Biyernes, Oktubre 17, 2008

...POETS' corner

Two Poems

Argyle at Loop Head
Argyle kept to the outposts and edges,
cliff rocks, coastal roads, estuary banks;
sheltering in dry ditches, thick hedges,
forts and cabin ruins, beside stone ranks;
much scorned by men; much put-upon by weather.
The weeping of keeners brought him hither;
fresh grief, fresh graves, lights in dark localities—
such signs and wonders of mortality
drew him toward the living and the dead
to foment pardon in a bowl of beer
or leaven remission out of common bread,
then, finished with his feed, to disappear.
The bodies of the dead he dined over
never troubled Argyle but still
their souls went with him into exile
and, reincarnate as gulls and plovers,
dove from high headlands over the ocean
in fits of hopeful flight, much as heaven
was said to require a leap of faith
into the fathomless and unbeknownst.
Sometimes the urge to follow them was so
near overwhelming he could almost taste
the loss of gravity in brackish air,
his leap, the sea's embrace, his savior.

Argyle's Eucharist
Upright over corpses it occurred to him—
the body outstretched on a pair of planks,
the measly loaf and stingy goblet,
the gobsmacked locals, their begrudging thanks,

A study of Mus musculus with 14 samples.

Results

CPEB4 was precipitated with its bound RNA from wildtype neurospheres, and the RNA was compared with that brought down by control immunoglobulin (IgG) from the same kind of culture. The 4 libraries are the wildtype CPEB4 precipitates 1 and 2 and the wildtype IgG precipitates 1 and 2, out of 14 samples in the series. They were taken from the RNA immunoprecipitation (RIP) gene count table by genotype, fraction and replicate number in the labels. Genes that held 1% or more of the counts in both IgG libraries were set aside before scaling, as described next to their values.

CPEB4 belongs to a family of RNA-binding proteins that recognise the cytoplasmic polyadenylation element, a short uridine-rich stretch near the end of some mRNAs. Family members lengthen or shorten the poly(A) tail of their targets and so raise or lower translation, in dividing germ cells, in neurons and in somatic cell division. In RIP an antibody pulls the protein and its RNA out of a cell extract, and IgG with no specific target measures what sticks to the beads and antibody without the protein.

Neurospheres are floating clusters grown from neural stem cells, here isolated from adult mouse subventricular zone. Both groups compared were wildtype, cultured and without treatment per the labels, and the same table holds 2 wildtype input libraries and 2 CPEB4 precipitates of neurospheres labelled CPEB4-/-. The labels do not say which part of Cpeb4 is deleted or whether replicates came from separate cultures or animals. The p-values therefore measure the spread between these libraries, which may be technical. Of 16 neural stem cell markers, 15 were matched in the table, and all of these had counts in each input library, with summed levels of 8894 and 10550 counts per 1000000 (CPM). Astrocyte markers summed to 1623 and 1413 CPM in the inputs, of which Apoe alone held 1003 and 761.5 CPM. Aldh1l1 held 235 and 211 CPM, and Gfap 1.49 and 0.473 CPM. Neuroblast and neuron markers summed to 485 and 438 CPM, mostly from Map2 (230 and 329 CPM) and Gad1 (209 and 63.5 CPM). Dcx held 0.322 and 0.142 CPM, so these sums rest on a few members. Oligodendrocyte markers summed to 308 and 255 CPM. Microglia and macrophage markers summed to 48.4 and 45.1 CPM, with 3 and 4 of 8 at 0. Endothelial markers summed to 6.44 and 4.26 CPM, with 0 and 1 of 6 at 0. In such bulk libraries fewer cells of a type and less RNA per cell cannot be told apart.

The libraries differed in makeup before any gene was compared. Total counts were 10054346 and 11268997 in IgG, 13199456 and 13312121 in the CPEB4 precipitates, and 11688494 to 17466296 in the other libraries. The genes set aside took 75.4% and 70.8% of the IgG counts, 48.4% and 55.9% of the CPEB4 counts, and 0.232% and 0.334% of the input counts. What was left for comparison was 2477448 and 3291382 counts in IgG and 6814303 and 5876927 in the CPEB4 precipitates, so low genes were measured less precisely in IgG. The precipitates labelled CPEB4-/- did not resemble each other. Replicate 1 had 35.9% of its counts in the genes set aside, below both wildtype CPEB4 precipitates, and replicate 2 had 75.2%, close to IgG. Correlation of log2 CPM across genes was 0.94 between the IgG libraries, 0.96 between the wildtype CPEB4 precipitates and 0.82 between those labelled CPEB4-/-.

the kinswomen rummaging for coppers—
it came into his brain like candlelight:
his lot in life like priesthood after all.
Such consolations as the kind he proffered,
by sup and gulp consuming mortals' sins,
quenching hellfire, dousing purgatory,
transforming requiems to baptismals;
but for holy orders and a church,
bells and vestments and lectionary,
a bishop, benefice or sinecure,
the miracles were more or less the same:
a transubstantiation, sleight and feint,
a reconfiguration of accounts
whereby he took unto himself the woe
that ought betide the rotting decadent.
Perdition due the recent decedent
thus averted by Argyle's hunger,
the unencumbered soul makes safe to God,
the decomposing dead get buried under
earth and stone. The sin-eater belches, wipes his gob.